Reporters Without Borders (RSF) is calling on the United Kingdom to formally charge London-based political leader Altaf Hussain with instigating an attack against Pakistani broadcast network ARY News and the Karachi Press Club.
An August 22nd raid left reporters and cameramen from Samaa TV, Neo TV, Channel 24, ARY News, Dunya News and 92 News with minor injuries. Hussain’s supporters threw rocks, fired guns, and destroyed the television stations in Karachi.
Hussain is a firebrand leader of the the Muttahida Qaumi Movement, or MQM, a secular political party in Pakistan, which primarily consists of Indian Muslims who speak Urdu. He has lived in London for the past two decades, having fled in self-imposed exile and acquired British citizenship.
RSF claims that Hussain enticed his followers over a telephone call to attack the television station. Since last year, a high court order in Pakistan prohibits Pakistani media from broadcasting live coverage of Hussain’s speeches or publishing his photo.
Top MQM leader Farooq Sattar, detained after the attack, distanced himself from Hussain. In turn, Hussain drafted an apology letter to the Pakistani government:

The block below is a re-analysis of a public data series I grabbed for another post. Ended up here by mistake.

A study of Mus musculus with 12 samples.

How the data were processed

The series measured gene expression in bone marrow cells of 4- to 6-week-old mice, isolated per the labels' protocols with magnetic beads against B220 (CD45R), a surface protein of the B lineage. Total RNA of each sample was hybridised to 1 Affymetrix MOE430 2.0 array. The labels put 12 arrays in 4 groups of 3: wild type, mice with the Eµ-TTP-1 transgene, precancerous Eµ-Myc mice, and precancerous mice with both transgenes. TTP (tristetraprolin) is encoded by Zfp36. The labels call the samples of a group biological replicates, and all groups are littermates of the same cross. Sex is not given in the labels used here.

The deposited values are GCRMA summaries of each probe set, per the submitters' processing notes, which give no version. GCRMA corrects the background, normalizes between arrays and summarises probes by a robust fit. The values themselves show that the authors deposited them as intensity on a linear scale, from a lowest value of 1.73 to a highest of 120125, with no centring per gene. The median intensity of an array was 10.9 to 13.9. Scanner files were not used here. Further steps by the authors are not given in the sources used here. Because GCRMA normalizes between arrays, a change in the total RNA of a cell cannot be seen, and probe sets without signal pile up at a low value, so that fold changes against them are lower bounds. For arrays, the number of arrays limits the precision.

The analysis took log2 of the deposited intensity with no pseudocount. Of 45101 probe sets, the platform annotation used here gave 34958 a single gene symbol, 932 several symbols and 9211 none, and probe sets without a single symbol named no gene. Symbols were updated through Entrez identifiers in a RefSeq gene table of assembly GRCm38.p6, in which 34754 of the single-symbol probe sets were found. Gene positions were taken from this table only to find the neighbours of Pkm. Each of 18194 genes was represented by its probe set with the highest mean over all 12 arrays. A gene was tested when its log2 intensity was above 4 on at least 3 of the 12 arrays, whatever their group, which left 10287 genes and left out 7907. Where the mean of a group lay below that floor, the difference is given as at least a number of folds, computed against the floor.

“From the depth of [my] heart, I beg pardon from the Pakistani establishment,” he said. “I was under severe mental stress over extra-judicial arrests and [the] precarious condition of my workers sitting at [a] hunger striking camp.”
Benjamin Ismaïl of RSF’s Asia-Pacific bureau made the following statement:
“By directly inciting physical attacks on journalists, this politician committed a crime that the British authorities cannot ignore, even if the violence did not take place in the United Kingdom. The British government has an opportunity to directly contribute to the fight against crimes of violence against journalists.”
Reporters Without Borders, also known by its French name Reporters Sans Frontières or RSF, is an international non-profit organization that fights for press freedom and for the right to share one’s voice with the world, which they consider is a human right.
Reporters Without Borders ranks Pakistan’s press freedom 147th out of 180 countries, and Freedom House gives Pakistan failing marks for their press and internet freedom.